The US economy shrank at a 1.4% annual rate last quarter despite solid spending by consumers and businesses. This is the first contraction since the early days of the pandemic. This is also the first advance estimate so we will likely have a revised number in the following weeks.
The expectation for growth was low, at 1% but this wasn’t expected. There are a couple of factors, the first being omicron which really at the beginning of the year was significant deadweight on the economy and for the last month of the quarter you had the was in Ukraine and what that did to gas prices. Overall, we’re seeing the effects of inflation in consumer spending but also a lot has to do with inventory reductions.
These inventory reductions are when you end up having a lot of buildup of inventory that counts as part of your gross domestic product even though its sitting in a warehouse, and if you have less, it counts less. Sometimes you have these swings in growth because of inventory, and since the pandemic disrupted the supply chain distribution, this could be one of the factors.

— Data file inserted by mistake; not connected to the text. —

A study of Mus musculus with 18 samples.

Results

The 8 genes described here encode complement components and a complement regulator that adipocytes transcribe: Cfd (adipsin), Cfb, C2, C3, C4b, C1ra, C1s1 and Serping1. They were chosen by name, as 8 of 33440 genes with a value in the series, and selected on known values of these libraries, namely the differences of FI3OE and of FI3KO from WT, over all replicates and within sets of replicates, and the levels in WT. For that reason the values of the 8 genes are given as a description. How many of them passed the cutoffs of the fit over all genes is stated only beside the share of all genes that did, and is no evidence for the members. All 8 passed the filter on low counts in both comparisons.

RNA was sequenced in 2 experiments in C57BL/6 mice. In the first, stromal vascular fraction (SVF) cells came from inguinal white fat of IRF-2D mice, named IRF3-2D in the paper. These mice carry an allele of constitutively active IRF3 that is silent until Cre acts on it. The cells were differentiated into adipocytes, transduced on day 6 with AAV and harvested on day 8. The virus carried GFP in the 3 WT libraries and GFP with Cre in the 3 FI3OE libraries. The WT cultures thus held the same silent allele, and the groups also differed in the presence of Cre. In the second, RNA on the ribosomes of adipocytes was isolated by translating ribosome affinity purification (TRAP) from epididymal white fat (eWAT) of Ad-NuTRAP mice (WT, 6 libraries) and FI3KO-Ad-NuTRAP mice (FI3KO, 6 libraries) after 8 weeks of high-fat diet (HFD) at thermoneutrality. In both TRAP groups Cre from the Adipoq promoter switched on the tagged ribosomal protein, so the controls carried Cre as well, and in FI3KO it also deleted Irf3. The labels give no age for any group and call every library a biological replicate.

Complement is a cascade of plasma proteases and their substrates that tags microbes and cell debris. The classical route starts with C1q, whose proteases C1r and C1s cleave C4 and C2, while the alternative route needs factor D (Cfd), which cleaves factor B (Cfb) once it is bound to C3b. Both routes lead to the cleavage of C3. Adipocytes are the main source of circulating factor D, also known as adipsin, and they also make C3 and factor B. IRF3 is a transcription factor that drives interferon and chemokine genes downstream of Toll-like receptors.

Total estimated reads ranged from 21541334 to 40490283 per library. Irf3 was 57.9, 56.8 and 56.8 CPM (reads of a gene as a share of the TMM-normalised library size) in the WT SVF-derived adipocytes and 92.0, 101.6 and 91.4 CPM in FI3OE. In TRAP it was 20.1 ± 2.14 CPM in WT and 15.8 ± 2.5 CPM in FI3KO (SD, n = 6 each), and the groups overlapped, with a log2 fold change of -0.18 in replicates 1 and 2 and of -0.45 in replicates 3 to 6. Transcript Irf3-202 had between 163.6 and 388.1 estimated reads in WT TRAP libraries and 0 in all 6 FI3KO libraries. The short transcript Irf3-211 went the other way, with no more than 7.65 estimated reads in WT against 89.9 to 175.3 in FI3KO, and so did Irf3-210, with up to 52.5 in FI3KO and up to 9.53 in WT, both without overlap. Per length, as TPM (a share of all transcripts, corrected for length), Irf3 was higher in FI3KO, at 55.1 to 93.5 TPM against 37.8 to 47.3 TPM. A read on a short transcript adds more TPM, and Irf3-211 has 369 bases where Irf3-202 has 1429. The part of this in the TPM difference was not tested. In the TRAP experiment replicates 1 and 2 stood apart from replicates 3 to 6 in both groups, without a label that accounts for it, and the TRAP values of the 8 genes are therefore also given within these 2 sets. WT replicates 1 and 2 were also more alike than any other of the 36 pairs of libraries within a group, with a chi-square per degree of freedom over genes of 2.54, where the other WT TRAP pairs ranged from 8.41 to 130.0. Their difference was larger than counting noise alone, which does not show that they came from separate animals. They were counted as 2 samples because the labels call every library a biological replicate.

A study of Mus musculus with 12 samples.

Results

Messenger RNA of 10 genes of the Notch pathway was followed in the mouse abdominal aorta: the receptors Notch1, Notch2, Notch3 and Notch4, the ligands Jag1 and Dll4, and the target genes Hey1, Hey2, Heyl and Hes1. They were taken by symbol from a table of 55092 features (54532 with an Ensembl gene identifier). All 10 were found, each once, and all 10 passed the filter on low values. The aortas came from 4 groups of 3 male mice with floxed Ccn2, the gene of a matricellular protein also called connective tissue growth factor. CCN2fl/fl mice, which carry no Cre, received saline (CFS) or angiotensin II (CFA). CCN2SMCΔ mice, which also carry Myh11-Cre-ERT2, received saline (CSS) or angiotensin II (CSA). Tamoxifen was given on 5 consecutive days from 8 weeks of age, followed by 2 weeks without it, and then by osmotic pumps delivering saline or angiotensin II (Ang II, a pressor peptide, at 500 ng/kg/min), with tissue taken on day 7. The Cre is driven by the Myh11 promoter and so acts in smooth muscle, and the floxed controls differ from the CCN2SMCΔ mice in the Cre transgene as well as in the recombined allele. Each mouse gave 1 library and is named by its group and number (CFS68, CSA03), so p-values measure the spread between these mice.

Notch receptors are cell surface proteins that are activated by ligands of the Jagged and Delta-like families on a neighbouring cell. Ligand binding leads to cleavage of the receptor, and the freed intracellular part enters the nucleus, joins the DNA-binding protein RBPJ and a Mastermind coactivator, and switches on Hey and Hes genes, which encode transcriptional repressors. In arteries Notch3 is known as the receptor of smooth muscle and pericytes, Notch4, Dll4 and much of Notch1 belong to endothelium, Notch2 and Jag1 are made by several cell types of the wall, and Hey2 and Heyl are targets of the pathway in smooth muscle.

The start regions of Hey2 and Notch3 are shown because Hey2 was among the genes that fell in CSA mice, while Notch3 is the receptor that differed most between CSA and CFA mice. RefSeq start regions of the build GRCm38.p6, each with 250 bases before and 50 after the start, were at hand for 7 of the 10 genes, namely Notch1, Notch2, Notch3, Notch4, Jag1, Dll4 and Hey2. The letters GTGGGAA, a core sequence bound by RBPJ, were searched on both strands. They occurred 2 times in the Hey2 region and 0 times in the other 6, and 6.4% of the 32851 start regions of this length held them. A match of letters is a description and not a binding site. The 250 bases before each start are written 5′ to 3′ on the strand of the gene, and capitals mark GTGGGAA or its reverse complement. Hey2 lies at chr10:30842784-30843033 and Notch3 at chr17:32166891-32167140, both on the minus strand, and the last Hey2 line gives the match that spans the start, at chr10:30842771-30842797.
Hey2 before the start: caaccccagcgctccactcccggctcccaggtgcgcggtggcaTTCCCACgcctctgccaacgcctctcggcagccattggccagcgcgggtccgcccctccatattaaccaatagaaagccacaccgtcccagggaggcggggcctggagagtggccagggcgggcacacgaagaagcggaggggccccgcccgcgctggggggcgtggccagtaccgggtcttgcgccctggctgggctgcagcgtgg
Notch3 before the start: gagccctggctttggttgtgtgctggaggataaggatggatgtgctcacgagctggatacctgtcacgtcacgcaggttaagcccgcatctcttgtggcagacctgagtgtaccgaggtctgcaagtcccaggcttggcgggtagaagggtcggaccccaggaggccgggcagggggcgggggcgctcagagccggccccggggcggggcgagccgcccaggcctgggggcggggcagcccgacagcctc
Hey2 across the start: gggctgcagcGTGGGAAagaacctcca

Part of the reduction of the GDP is also that exports are contracting, and the trade deficit is increasing. This is because as demand has increased for durable and non-durable goods, basic goods, which are not mainly made in the US, they’re imported, the trade deficit will increase because agriculture exports, which is the largest part of exports in the US, has remained the same – people are not eating more, but are consuming more durable goods that come from overseas.